The House has no voting sessions scheduled this week, which is probably a good thing, since a cooling-off period is definitely in order.
In this age of hyper-partisanship, acrimonious debate is hardly big news, but things really went off the rails during a marathon two-day session that saw lawmakers plow through 158 bills.
One representative shouted “coward” to another who had declined to take a question after speaking on behalf of a bill.
Another was overheard telling a fellow representative, “go back to Massachusetts with the rest of the communists.”
A veteran member had his patriotism questioned and was called an “embarrassment to the military.”
As my colleague, Kevin Landrigan, reported Wednesday night, House Majority Leader Douglas Ley, D-Jaffrey, urged his colleagues to be more respectful of each other as lawmakers were preparing to adjourn.
Ley, a seven-year House veteran, didn’t mention anyone by name and stressed that he was addressing both parties. “I am not here to chastise any particular caucus,” he said. “Neither caucus, if you take the long view, has been blameless.”
Representatives don’t get to make speeches on whatever topic they choose from the well of the House, except by unanimous consent at the end of a session.
It was clear that Ley’s speech was generating tension, but chaos broke out when he said legislators should think twice about “wearing paraphernalia” at committee meetings or House sessions. “Don’t wear the buttons, don’t wear the beads,” he said.
Several Republican lawmakers stood up to withdraw their consent for Ley to speak, and many left the room in protest. At one point, the Sergeant at Arms staff appeared poised to intervene if necessary.
The representatives who remained voted, 210-54, to permit Ley to finish giving his remarks.
House Republican Leader Richard Hinch of Merrimack was livid.
“He should stick to dealing with his own fractured caucus and leave Republican affairs to Republican leadership,” he said.
“If he has concerns about the behavior of some individuals there are more professional ways to go about resolving them. The speaker should have never let his majority leader take this unprofessional and disrespectful route.”
On Thursday, Hinch upped the ante and said Ley should resign.
“His divisive comments showed that he is more interested in fanning the flames of discontent in the House, than resolving concerns in a professional and respectful manner,” Hinch said in a statement.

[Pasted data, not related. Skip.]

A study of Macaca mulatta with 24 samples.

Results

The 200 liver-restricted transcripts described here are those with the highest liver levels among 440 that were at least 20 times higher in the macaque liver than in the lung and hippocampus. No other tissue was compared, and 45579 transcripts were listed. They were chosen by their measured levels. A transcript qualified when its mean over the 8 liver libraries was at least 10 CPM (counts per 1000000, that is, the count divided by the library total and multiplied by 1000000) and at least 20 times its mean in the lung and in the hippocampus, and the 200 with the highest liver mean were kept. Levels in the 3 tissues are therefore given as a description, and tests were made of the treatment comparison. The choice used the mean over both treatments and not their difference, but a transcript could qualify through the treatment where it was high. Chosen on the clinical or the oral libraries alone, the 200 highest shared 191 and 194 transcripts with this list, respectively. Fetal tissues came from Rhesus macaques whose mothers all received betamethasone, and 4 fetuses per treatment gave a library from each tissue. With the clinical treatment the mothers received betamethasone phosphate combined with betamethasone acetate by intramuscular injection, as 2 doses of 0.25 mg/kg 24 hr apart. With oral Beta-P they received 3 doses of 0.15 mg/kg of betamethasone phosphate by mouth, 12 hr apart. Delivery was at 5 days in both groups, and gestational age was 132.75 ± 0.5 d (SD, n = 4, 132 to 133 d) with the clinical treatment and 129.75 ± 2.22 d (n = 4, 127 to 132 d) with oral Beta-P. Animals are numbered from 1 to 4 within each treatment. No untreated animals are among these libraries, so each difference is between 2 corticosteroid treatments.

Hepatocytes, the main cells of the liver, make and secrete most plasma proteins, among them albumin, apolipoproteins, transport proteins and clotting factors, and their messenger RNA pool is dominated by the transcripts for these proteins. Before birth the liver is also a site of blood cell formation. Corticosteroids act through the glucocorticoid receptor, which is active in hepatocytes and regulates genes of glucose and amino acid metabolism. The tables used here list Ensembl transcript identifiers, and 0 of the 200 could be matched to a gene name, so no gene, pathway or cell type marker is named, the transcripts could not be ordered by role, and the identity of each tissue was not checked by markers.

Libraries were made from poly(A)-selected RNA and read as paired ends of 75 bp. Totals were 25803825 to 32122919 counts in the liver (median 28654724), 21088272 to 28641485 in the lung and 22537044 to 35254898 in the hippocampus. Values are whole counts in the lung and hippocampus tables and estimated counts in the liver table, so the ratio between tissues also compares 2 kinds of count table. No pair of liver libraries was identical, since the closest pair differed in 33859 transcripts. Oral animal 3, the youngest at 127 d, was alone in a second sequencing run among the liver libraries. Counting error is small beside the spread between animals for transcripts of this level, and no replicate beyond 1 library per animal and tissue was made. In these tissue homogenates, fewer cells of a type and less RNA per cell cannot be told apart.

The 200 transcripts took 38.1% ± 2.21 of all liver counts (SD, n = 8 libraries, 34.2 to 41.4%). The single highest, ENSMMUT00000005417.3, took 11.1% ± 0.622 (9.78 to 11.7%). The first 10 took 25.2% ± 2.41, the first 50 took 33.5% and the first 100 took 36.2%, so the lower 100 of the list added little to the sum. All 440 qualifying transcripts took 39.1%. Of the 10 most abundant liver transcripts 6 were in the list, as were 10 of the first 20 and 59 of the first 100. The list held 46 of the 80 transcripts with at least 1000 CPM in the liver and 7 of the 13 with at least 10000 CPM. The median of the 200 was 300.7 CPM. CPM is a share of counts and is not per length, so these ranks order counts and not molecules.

“In my four years as a member of the majority leadership team, we would have never resorted to making a public spectacle of this sort on the House floor. We always extended courtesy to our friends in the minority to work out our differences with dignity and honor rather than impugn our colleagues’ motives before the House.”
He called Ley’s speech “condescending.”
For his part, Ley makes no apologies, nor is he planning to resign.
“I may be Democratic majority leader, but I’m also a member of the House and in this case I just felt it was necessary for something to be said,” he said in an interview on Thursday.
Ley said the first three months of the 2019 session have seen a growing lack of civility and deterioration of decorum.
Democratic members wearing buttons in support of their causes at public hearings or in the well of the House is just as bad as Republicans who wear beads in support of the Second Amendment or yellow scarves for school choice, he said.
“It runs both ways, and you can’t have it both ways,” he said. “If you don’t want representatives to indicate in a hearing, where they are supposed to be impartial, that they are predisposed to one side or the other, that means you have to follow suit as well.”
“We have people who are calling into question someone’s patriotism, someone’s standing,” said Ley. “There is no place for that if you are going to try to maintain an atmosphere that is different from the highly politicized and highly partisan atmosphere in Washington.”
The irony in all this is that just before Ley took to the podium, Speaker Steve Shurtleff commended him and Hinch for their bipartisan leadership in what most people thought was going to be the last word on a tough two days.